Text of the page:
Michal Eisikowitz

Pursuing the right career may be more important than you think. Your job directly affects your family, your quality of life, your happiness — and of course, your wallet. Whether you’re just home from seminary and setting out in the working world, or contemplating starting over in a new field, here’s what to consider when choosing a profession.

Wednesday, July 03, 2013

science “Do what you love, and you’ll never work a day in your life,” declared Confucius.

The statement rings true, but today — more than ever — vast numbers of employees are dissatisfied with their jobs. A 2009 survey of over 5,000 households foundUSjob satisfaction at its lowest in two decades. Only 45 percent of those surveyed were happy with their jobs — a drop from 61 percent in 1987.

Notably, the youngest cohort of employees (those under 25) expressed the highest level of dissatisfaction ever recorded for that age group. And anecdotal evidence indicates the frum world hasn’t been spared this scourge.

Career choice regret is common among Orthodox youth, particularly girls who are pressured to complete degrees rapidly. Frum girls generally don’t allow themselves to dawdle through four years at the undergraduate level, trying out different courses to determine the field that suits them best. Instead, 18-year-olds straight out of seminary are expected to know with certainty what they’d like to do for most of their waking hours — for the rest of their lives.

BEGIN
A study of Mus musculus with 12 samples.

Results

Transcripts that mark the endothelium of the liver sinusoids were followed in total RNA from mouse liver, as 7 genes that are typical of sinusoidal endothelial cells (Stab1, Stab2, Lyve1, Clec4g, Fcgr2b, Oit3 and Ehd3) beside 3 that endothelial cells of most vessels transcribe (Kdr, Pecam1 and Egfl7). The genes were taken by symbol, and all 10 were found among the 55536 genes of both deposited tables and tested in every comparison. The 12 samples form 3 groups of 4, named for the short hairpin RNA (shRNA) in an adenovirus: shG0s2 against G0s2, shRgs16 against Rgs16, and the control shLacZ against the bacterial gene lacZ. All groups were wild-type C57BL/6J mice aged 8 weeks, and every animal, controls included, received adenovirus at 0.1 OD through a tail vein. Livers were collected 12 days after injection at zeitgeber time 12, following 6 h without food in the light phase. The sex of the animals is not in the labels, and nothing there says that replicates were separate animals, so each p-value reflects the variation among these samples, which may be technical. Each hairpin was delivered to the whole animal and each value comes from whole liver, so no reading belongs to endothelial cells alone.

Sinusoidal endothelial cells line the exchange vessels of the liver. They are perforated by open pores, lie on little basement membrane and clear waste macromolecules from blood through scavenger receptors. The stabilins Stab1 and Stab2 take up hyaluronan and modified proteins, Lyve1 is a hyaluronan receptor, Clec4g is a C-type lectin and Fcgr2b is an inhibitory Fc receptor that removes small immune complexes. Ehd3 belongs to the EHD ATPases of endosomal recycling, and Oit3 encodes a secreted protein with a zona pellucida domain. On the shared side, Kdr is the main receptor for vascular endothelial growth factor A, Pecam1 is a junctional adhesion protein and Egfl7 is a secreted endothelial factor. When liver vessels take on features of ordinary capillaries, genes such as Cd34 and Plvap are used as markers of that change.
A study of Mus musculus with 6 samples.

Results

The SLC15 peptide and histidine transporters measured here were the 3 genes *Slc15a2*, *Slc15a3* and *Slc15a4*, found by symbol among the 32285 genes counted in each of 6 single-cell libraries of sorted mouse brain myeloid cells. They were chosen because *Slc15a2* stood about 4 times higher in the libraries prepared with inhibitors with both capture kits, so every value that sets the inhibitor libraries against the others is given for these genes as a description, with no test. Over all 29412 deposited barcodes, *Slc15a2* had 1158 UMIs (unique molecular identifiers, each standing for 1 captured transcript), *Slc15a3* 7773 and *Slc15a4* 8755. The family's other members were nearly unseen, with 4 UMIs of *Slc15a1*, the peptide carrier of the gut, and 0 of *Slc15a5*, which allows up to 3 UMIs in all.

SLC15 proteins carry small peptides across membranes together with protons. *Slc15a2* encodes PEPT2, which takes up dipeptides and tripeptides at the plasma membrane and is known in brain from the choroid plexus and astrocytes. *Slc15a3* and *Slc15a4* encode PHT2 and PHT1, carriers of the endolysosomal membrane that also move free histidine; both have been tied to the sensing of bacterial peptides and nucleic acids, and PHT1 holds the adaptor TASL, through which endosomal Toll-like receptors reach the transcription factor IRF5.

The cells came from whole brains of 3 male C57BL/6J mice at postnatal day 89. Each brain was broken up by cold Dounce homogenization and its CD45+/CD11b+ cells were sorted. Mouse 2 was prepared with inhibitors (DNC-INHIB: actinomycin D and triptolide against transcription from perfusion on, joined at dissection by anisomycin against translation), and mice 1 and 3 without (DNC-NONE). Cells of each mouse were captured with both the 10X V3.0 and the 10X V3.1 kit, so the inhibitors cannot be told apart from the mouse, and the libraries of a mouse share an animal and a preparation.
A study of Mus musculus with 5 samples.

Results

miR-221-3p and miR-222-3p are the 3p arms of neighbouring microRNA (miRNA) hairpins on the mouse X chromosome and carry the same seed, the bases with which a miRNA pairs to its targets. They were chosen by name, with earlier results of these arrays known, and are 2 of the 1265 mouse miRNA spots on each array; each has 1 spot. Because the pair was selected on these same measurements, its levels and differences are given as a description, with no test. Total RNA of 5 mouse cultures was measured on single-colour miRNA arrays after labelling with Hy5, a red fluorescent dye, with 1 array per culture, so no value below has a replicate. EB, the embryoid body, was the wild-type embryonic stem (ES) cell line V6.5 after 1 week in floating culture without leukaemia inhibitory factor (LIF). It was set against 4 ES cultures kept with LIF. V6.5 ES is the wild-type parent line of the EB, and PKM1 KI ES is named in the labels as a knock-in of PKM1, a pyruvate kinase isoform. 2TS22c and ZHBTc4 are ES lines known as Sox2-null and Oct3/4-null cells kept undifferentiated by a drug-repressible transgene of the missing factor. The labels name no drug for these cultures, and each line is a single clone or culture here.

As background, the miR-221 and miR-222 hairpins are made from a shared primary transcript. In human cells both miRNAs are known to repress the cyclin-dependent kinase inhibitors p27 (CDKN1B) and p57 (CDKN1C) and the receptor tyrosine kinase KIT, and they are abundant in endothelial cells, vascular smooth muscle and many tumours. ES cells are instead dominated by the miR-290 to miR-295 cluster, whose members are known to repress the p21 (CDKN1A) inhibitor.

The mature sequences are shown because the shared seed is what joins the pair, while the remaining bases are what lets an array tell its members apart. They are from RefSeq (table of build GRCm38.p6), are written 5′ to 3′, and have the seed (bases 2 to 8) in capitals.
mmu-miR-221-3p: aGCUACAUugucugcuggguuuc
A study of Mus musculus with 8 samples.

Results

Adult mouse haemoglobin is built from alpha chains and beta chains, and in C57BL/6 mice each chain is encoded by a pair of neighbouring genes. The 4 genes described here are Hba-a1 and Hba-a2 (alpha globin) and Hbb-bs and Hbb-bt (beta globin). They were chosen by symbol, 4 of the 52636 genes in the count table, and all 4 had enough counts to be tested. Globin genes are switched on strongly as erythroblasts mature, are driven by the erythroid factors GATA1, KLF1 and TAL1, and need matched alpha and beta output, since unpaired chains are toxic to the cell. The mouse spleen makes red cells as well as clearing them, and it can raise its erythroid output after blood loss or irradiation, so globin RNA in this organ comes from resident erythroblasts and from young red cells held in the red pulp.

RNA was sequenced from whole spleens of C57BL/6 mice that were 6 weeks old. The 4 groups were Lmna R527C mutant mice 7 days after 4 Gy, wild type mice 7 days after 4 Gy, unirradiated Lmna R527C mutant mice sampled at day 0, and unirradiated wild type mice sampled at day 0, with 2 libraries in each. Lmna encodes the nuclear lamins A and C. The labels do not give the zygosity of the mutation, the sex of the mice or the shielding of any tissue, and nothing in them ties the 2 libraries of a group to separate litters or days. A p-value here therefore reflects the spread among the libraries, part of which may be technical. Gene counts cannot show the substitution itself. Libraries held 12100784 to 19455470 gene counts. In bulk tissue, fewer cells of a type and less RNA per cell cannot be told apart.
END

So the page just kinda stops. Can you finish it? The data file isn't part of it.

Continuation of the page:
The pressure, asserts Beatie Deutsch, MS, a former career counselor currently working in campus kiruv in Tucson, Arizona, stems from practicality: Girls want to be finished with schooling by the time their knight in shining armor — or little bundle of joy — arrives.

“It’s a valid concern,” acknowledges Beatie. “But girls need to keep the big picture in mind — including the long-term impact of this choice.”

How does one go about making this major life decision? Which factors should be considered? And most important — particularly when a large investment of time and tuition is involved — how can one avoid a really big mistake?

The answer, says Vivian Rabin, a Passaic-based career coach, recruiter, and author of Back on the Career Track (CreateSpace Independent Publishing Platform) lies in considering the three C’s: content, compensation, and control.